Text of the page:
Radioactivity in Soils (Cesium-134 and Cesium-137) 1991
A basis for work was provided by a body of data available from the Radiation Measuring Office of the Berlin Department of Urban Development and Environmental Protection. Measurements were made at 218 measuring points in the city and its near surroundings from 1989 to 1991. Samples were taken by soil bore cylinders from soils as undisturbed as possible, from the surface to a depth of 12 cm. Two horizons were differentiated; 0-6 cm and 6-12 cm. The selection of these horizons was based on the knowledge that most cesium-137 nuclides, representative of the nuclear tests of the 60’s, were not yet stored in deeper soil layers. Measurements documented that cesium-137 originating from nuclear testing reached only a penetration depth of 1.7 to 4.7 cm, even in sandy soils, with a transport rate of 0.1 to 0.3 cm/yr. (Gans/Arndt 1987). Soils repeatedly processed and thus possessing a relatively constant storage depth, such as agricultural fields, were only of secondary significance in Berlin urban areas (cf. Fig. 5). A decomposition of isotopes by soil organisms can also be ruled out.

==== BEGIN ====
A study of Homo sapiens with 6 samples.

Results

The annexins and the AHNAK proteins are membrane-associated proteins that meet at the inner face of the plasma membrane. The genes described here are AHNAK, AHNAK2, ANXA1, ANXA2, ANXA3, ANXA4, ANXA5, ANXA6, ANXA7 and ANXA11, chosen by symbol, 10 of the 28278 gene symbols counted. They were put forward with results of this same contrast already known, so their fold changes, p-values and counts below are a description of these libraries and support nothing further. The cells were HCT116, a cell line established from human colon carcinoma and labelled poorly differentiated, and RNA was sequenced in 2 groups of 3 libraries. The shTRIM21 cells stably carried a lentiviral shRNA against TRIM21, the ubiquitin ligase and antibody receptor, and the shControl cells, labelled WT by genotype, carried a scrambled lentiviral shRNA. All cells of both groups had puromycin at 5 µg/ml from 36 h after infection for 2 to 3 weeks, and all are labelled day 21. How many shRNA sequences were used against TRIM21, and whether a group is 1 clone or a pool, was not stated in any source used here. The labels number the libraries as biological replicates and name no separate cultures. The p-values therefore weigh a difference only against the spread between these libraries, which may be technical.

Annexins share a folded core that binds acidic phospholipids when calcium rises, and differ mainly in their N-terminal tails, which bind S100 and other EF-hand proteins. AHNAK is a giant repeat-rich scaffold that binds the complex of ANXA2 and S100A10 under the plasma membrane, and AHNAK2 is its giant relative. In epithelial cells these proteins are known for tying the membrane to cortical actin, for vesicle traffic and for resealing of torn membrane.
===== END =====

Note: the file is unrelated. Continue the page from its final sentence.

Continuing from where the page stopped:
The analysis of the nuclides could be concentrated on a few isotopes for judging long-term soil contamination. The activity and thus the health-endangering effects of iodine-131, initially considered the most important isotope, is limited to a half-life of 8 days (cf. Tab. 1). It quickly became insignificant. Strontium-90, important for its great radiotoxicity, and plutonium isotopes were found only in very low traces in the atmosphere. They could be disregarded in relation to soil contamination. Clearly recognizable in this investigation of radionuclide composition conducted directly after the reactor incident, however, was that the two isotopes cesium-134 and particularly cesium-137 would contribute to radiation exposition well into the future. They were thus assigned an indicator function for the evaluation of contamination diffusion.
The samples were analyzed for specific activity, measured in Bq/kg, and converted into area concentrations, expressed in Bq/m2.
Questions of relevant entry mechanisms of radioactive isotopes into soils are of further interest. Basic soil science data were determined for pH, soil type, humus, etc. Meteorological data were also included in the investigations, including precipitation amounts and distributions from a total of 77 measuring stations. This was related to the main precipitation events following the Chernobyl incident (7-8 May 1986).